Pieces of a Dream’s new album One Another Note debuted at the No. 2 spot on this week’s Billboard Jazz 100 Charts. (Photo: Courtesy the artist)
Vocalist Michael Bublé reclaimed the top spot and jazz fusion group Pieces of a Dream debuted at No. 2 in this week’s Billboard Jazz 100 Charts, while over in the JazzWeek Radio Charts, guitarist Dave Stryker entered his second straight week in the No. 1 spot with his grooving retro-funk album Eight Track III.
Michael Bublé’s Love, the first album recorded since his eldest son’s diagnosis with liver cancer in 2016, has been a constant presence in the Billboard Jazz Top 10, where it has spent 28 weeks floating in and out of No. 1. Below it, On Another Note, the latest release by jazz fusion outfit Pieces of a Dream, made its grand entrance into the charts at No. 2, its highest ranking debut. Country singer Trisha Yearwood’s tribute to Frank Sinatra, Let’s Be Frank, fell in at No. 3., and bassist Esperanza Spalding’s 12 Little Spells — which in May debuted in the No. 1 spot — shifted a few spots to No. 4. Pianist Brad Mehldau’s new album Finding Gabriel, a meditation on politics and religion, sits at No. 5.
Smooth jazz guitarist Norman Brown sits in the No. 6 spot with his latest album, The Highest Act of Love, while Tony Bennett and Diana Krall’s duo album Love Is Here To Stay, falls in at No. 7 in its 37th week on the chart. Open Road by The Rippingtons and Russ Freeman rose two spots to No. 8, while Evans in England, a historical release from pianist Bill Evans, jumped 12 spots from No. 21 to No. 9. KingMaker, the debut album by Blue Note vibraphonist Joel Ross, also cracked the Top 10 for the first time, rising from No. 22 in its third week on the chart.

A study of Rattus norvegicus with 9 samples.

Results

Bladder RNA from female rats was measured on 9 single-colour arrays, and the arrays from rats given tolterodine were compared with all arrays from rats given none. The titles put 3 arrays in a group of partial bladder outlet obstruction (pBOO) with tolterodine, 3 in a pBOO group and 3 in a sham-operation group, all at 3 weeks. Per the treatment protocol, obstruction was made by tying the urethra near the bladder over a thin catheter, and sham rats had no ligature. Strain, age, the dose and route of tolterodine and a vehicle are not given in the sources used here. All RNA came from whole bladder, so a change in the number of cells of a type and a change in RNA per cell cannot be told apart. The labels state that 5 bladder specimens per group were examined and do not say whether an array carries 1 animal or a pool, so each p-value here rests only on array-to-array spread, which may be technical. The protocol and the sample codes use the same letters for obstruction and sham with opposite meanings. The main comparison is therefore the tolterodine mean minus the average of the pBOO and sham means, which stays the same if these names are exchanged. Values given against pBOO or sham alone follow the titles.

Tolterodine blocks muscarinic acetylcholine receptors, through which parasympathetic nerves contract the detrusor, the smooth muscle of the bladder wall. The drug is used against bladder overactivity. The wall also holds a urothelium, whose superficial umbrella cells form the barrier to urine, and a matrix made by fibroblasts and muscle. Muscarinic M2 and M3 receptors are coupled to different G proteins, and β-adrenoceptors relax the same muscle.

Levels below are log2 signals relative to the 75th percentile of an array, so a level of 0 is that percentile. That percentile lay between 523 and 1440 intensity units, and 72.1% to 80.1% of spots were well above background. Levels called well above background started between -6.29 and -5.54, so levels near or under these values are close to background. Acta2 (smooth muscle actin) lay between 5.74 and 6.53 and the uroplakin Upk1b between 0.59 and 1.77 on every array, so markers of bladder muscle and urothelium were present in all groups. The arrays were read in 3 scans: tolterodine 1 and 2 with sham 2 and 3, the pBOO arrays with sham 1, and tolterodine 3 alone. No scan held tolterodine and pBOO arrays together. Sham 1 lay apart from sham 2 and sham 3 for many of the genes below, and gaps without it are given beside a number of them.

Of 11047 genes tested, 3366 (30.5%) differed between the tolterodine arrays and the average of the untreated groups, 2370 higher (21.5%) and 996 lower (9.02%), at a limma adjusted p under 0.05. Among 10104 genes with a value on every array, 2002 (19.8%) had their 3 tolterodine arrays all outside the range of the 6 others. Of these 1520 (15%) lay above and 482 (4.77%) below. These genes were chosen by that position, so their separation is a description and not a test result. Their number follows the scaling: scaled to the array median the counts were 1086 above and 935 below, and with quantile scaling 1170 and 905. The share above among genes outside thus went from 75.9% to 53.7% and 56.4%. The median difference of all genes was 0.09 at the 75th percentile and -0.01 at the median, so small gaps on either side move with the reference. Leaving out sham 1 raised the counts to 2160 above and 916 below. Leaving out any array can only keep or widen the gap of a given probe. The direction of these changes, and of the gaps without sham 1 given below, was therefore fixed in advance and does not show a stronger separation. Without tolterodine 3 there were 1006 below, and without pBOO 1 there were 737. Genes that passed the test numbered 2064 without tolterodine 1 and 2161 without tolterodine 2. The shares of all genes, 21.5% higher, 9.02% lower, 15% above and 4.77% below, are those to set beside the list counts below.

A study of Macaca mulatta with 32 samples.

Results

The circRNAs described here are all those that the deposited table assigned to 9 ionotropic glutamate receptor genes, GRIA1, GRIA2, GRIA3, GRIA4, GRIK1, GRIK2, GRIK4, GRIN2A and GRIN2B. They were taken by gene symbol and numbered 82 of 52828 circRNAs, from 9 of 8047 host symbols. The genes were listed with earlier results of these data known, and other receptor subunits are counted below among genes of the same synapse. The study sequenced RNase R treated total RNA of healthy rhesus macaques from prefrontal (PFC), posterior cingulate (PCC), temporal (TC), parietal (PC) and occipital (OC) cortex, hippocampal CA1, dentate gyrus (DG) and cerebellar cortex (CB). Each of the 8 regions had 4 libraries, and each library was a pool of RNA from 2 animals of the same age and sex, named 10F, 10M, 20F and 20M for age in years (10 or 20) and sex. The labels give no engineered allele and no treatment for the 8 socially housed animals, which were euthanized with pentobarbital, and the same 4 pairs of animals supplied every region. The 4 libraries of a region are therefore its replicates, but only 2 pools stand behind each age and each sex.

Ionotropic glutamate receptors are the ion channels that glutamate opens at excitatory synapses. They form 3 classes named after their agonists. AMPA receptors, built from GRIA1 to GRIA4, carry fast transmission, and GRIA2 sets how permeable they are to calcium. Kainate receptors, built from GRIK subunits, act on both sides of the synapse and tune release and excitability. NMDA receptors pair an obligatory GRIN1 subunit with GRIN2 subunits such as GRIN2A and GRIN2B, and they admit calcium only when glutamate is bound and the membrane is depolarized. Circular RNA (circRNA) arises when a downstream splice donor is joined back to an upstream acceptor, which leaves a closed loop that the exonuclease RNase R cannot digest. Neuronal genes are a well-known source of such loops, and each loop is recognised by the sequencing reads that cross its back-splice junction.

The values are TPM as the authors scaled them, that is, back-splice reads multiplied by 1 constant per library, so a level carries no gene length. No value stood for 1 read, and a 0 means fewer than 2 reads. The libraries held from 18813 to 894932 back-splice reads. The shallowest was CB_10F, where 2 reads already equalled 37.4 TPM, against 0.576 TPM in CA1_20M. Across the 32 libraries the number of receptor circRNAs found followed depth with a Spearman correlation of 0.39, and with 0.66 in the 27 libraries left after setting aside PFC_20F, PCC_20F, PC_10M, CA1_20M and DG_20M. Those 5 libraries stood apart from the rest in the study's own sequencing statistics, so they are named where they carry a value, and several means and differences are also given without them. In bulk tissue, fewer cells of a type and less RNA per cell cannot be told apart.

Dave Stryker’s Eight Track III continues to stay in heavy rotation on jazz radio, entering its second week on the JazzWeek Radio Chart in the No. 1 spot. The album reimagines ‘70s funk and soul favorites as modern jazz tunes and features a standout crew of Stefon Harris on vibraphone, Jared Gold on organ and McClenty Hunter on drums. Just below it, trumpeter Wynton Marsalis’ soundtrack to the biopic Bolden has reclaimed the No. 2 position, and pianist Eric Reed’s Smoke Sessions release Everybody Gets the Blues held tight to No. 3. Drummer Herlin Riley’s album Perpetual Optimism continued to hover near the top of the cart at No. 4, and New York Notes, a new album by Grammy-winning composer/arranger/pianist Alan Broadbent jumped from the No. 27 spot to No. 5.
Rounding out the Top 10 in radio are vocalist Mary Stallings’ Songs Were Made To Sing at No. 6; trombonist Steve Davis’ Correlations at No. 7; trumpeter Tom Harrell’s Infinity at No. 8; saxophonist Joshua Redman’s Come What May at No. 9; and the historical release The Music Never Stops from vocal legend Betty Carter at No. 10.
Check back next week for another update on the jazz charts. Until then, happy listening.